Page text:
Apple’s CEO, and the most influential Auburn University alum in the world, Tim Cook, took to the stage on Monday morning to kick off the World Wide Developers Conference. The WWDC, now in it’s 25th year is an annual gathering of developers working on Apple platforms. Cook was quick to point out that the first event hosted 1300 developers and one lab while this event hosted 6,000 developers with 130 labs and 1000 Apple employee developers directing, teaching and collaborating with the attendees.
It was no surprise that no hardware announcements were made during the Keynote address. Other than that, our friend Mark Gurman at 9to5mac was just about right on the money with his predictions for what we would see during the two hour presentation.
We saw a slew of new features and enhancements that will come to Mac computers by the way of OSX 10.10 Yosemite alongside a barrage of new features and enhancements that will come to the iPhone and iPad by way of iOS 8. Both releases are expected this fall with the Yosemite beta heating up now.
It seems an overabundance of tech journalists seem to forget two big fundamentals in covering WWDC. The first being that they rarely introduce hardware at the event, the second being, that they often borrow features from Android.
Three years ago, Apple co-founder Steve Wozniak even said that Android typically releases features early while Apple takes their time and releases them better. Much is the same for this years batch of Android features that will be found in iOS 8.
Apple’s searchlight function within iOS 8 will now offer internal search, search engine search and even search the internet from the swipe down Searchlight box.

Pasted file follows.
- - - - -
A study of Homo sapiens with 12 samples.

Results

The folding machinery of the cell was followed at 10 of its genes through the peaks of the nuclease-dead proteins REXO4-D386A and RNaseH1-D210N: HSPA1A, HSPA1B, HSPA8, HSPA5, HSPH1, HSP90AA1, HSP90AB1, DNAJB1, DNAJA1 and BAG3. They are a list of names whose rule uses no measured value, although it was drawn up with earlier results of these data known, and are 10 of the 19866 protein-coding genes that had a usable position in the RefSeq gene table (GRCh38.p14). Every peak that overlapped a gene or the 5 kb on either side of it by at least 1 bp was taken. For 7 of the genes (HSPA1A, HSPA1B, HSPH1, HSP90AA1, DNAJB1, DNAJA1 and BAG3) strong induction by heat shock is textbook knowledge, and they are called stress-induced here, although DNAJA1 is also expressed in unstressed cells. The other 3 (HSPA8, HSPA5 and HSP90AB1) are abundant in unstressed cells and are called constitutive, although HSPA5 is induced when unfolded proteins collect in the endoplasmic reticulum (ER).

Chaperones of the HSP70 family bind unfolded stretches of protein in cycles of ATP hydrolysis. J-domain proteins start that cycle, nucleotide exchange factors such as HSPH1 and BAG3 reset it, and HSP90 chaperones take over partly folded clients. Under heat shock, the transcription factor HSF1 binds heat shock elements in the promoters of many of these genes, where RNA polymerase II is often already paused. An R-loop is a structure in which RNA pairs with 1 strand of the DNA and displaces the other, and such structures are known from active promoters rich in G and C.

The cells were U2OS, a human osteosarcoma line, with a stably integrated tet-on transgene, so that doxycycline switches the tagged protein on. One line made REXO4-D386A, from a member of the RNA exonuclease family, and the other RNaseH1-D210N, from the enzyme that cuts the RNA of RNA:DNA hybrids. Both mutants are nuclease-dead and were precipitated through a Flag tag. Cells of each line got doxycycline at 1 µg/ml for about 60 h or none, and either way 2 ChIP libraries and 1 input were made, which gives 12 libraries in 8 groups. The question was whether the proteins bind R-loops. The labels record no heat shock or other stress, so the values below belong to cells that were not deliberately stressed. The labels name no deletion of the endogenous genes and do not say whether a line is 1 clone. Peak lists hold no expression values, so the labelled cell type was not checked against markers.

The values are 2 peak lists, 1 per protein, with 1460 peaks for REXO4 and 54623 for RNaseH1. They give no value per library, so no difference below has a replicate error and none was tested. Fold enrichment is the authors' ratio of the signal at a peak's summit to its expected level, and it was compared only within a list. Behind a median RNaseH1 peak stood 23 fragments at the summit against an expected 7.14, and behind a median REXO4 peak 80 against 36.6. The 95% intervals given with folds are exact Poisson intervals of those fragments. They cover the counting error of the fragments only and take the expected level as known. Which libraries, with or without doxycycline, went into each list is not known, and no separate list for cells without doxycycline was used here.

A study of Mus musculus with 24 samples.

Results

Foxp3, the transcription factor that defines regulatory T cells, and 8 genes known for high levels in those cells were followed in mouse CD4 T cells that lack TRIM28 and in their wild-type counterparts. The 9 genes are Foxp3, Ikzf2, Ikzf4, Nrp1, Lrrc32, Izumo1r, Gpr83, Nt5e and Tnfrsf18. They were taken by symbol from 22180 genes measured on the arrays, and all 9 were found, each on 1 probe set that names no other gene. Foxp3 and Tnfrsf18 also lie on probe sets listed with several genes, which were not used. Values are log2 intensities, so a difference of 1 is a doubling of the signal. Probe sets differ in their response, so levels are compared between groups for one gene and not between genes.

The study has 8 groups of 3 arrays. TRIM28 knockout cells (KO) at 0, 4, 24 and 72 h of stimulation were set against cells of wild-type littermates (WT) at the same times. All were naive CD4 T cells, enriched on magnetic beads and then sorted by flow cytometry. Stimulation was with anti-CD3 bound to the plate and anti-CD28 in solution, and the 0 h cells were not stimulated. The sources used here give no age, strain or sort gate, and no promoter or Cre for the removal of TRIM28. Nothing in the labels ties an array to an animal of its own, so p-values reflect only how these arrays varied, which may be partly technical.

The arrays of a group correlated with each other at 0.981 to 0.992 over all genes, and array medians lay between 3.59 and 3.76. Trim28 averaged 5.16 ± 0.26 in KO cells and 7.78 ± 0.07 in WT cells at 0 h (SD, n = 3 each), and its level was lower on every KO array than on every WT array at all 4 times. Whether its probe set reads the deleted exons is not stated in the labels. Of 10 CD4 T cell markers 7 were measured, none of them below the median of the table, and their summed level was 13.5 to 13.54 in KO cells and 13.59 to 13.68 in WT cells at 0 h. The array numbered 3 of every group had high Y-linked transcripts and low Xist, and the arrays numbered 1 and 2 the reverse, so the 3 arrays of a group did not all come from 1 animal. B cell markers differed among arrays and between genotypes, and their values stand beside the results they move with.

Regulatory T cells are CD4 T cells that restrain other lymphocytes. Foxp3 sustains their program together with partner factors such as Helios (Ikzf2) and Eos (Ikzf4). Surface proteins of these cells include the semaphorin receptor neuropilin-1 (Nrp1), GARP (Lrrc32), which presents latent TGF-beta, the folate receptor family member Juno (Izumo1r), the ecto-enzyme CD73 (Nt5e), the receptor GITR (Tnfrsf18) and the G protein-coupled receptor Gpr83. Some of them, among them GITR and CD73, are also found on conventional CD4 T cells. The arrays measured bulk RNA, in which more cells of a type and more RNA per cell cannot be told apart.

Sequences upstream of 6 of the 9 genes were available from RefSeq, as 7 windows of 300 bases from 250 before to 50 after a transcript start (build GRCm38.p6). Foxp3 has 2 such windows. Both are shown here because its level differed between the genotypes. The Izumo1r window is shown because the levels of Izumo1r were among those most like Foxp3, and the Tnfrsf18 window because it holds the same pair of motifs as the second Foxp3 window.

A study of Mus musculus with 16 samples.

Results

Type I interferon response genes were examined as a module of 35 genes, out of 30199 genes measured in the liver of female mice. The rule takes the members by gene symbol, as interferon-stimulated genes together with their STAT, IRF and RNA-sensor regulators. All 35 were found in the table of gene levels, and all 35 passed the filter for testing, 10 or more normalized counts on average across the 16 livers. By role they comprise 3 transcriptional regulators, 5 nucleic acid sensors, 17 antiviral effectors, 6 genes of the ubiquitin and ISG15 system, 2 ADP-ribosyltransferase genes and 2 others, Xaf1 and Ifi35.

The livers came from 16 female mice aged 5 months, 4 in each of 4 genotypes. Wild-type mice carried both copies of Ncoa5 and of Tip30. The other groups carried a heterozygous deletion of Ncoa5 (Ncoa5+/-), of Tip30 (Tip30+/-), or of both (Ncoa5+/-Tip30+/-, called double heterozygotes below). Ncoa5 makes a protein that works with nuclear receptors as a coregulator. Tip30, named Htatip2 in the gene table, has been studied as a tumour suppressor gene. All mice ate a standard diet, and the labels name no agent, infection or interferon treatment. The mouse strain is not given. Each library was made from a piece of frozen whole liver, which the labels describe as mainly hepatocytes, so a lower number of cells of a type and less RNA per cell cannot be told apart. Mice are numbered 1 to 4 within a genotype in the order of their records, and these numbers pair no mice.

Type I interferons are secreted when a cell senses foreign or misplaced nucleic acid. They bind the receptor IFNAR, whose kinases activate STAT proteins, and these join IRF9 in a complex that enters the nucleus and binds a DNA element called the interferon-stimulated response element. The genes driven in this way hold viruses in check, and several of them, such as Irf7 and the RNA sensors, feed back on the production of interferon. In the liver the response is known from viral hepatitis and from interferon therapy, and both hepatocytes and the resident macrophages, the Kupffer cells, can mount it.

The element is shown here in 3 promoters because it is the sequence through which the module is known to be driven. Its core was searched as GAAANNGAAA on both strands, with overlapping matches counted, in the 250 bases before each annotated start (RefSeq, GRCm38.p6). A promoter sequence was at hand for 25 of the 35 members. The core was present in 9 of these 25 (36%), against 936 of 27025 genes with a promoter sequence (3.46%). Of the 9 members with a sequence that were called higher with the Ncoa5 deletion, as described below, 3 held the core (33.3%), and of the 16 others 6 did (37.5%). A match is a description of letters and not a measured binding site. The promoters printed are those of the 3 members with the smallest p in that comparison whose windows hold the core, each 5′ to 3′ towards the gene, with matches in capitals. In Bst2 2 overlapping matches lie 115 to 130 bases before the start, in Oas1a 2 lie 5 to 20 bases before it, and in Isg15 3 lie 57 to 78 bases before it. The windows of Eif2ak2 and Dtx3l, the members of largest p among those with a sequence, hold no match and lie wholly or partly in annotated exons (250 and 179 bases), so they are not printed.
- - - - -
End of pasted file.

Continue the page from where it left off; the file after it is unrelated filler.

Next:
Apple introduced QuickType a new predictive keyboard that will predict what you are most likely to type next. If you’re in an email or text message QuickType will also predict what you’re going to type in the same style that you would based on that particular contact. Android has had this feature since at least Gingerbread, a feature that Android actually borrowed from Blackberry.
Third Party Keyboards
Apple will allow you to replace your iOS keyboard with a third party keyboard like Swype. Android has allowed you to customize the Keyboard since Eclair.
Waking up Siri
iOS 8 allows you to wake up Siri, Apple’s voice activated virtual assistant, by saying “Hey Siri”. Google introduced this with Google Now by saying “OK Google” this feature has worked on Android devices since they introduced Google Now and even works on Google Glass
Photo Storage In The iCloud
Apple will now store all of your photos in iCloud for you automatically from every iOS 8 enabled device on your account. The same version of the picture will be shared cross device and in the cloud. If you edit a picture on one device it will update to iCloud and you’ll be able to get it on another device or your Mac computer. Android has offered this through Google + since Google + was introduced.
iOS 8 added the ability to put widgets in the notification center. Widgets have been a part of Android since Android began
Still not convinced this is nothing new, watch my video from WWDC 2011.